Shelbi is a preservice teacher interested in planning
lessons that will motivate her future students.
Who better to ask to write a post about different lesson plan models?
Here are her observations:  

Bridging English – Ch. 14

from Google
One of the GREAT Joys of being a teacher is LESSON PLANNING!!! This chapter goes into great detail on the Hows, Dos, and Don’t Dos of Lesson planning!!!!

Knowing different theories, specific methods, and general approaches are useless if a teacher does not know how to use all of this knowledge to execute an energetic and confident lesson plan.
An efficient lesson plan is a very essential key in a classroom.  It is an aide for the teacher to insure that their students are obtaining all of the knowledge they are supposed to know in one day. Lesson plans are especially a big help for new teachers.  It helps them enter the classroom with ease and the feeling that they are in control. Teachers normally know what to teach their students, but how to teach it to them is where the gap needs to be bridged. 

This chapter provides many different models to help teachers provide beneficial lesson plans to their students. I will list only 3 models, but the text displays many more.

Lesson Planning Models
·        Creative-Process Model
This model includes Pre planning, Planning, and Post planning. As the teacher, it is very important to brainstorm all of the different ideas about what you want to teach. After making a list of all of the different ideas, you would focus on the most important ideas and start building from there. Expanding on those ideas in a detailed outline form will help you keep track of the importance of the lesson while teaching.
·        Conversation-Based Model
from Google
ENGAGE, ENGAGE, and ENGAGE!!!!!!! This model is to help students get involved in debates and activities to keep their attention on the lesson.
The lesson must be of:
Quality. It must be built around episodes of High Quality.
Quantity. It requires an appropriate breadth of materials to sustain it.
Relatedness. It must have interrelated parts.
Manner. It must gear instruction toward helping students enter into the curricular conversation. (See page 430 for more insight.)
·         Objectives-Based Model
This model is a very structured based method of teaching. After you figure out what you’re teaching, you narrow it down to how much has to be taught to the students. Organize the material in the order it should be taught and point out key objectives that the students’ should really focus on.  After using different methods of activities to complete the lesson, you will always evaluate exactly what it is you expected out of the class.  You will be able to gain a sense of whether your students understood your method of teaching.

Some school districts not only require a daily lesson plan, but they may require the submission of a Unit Plan.  Unit planning consists of multiple weeks or months of lesson planning.  Page 436 goes into more detail on the use of unit planning.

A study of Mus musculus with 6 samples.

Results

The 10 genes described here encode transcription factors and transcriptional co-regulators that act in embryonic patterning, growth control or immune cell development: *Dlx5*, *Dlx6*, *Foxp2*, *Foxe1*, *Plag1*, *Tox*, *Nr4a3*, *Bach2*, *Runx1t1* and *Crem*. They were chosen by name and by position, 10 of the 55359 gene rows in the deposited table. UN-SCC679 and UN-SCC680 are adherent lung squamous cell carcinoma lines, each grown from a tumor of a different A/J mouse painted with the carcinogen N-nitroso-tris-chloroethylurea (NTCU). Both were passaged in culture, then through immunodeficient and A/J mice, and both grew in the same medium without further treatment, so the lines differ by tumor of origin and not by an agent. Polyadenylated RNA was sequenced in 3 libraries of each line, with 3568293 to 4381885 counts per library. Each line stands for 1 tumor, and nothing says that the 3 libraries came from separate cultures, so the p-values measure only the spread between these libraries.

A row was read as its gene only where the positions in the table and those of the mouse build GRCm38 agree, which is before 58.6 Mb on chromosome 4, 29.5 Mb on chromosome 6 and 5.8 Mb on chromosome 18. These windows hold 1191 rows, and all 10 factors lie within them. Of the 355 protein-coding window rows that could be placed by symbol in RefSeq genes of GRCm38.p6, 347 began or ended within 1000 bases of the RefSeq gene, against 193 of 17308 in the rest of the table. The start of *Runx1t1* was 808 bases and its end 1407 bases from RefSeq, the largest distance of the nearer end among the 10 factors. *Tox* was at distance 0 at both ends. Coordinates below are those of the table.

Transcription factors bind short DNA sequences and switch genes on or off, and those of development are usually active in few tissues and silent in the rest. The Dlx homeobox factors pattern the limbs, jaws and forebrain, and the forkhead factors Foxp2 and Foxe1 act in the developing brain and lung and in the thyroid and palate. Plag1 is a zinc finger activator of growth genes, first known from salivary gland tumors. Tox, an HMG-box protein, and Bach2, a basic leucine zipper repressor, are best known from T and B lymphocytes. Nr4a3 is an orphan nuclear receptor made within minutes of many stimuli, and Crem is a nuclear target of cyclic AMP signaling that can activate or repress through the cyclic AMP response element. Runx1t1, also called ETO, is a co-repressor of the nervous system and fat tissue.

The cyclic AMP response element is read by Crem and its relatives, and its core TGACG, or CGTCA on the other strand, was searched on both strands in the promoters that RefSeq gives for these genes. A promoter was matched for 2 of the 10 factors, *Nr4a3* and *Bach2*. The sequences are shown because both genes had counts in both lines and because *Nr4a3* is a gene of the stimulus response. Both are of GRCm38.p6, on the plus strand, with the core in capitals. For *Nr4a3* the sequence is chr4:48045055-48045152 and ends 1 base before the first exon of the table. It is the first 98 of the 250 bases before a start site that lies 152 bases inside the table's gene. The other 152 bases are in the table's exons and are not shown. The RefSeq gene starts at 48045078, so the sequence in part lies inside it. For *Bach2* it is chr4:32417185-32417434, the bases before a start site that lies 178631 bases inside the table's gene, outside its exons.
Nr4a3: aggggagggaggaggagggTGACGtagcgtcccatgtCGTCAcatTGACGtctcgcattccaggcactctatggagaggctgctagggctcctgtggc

The main points that stuck out to me at the end of this chapter:
·        Organize the curriculum and text that must be taught and emphasize how different lessons can be tied together to help create a unit plan.
·        Listen to students and what they think and what they wish to gain from a lesson.
·        Get to know your students to be able to plan different activities to accommodate their lifestyles and interest.
·        Individualization prompts us to plan lessons that “deepen the individual’s desire and ability to communicate.”
·        Interaction “reminds us to consciously apply our understanding of students so that instruction exploits the desire to communicate, rather than attempting to suppress it.”
·        Integration requires planning lessons that tap “the entire range of skills and forms in communicating and receiving messages.”
from Google
As a future teacher the question is not, which model am I going to use to create my lesson plans, but which models can I tie together to create an effective lesson plan. Every lesson plan model that was illustrated in this chapter can be used to teach an effective lesson plan.
Final Thoughts
This chapter is very interesting to me, but I wish it detailed the different types of engaging activities that can be used in the lesson plans. Sometimes I feel that teachers know that engaging students in activities to keep them involved and interested in the lesson is key, but they don’t know how to create different activities to do so.  When I began reading this chapter, I thought this subject would also be discussed in this chapter. Unfortunately, I was wrong!
So, what do YOU think?
The purpose of a lesson plan is to be extremely thorough; a teacher can leave it on their desk and their substitute teacher will know exactly how to execute the lesson to the class with perfection.  As future teachers, which model or models would you use to deliver your lesson plans?  How creative will you make your lesson planning?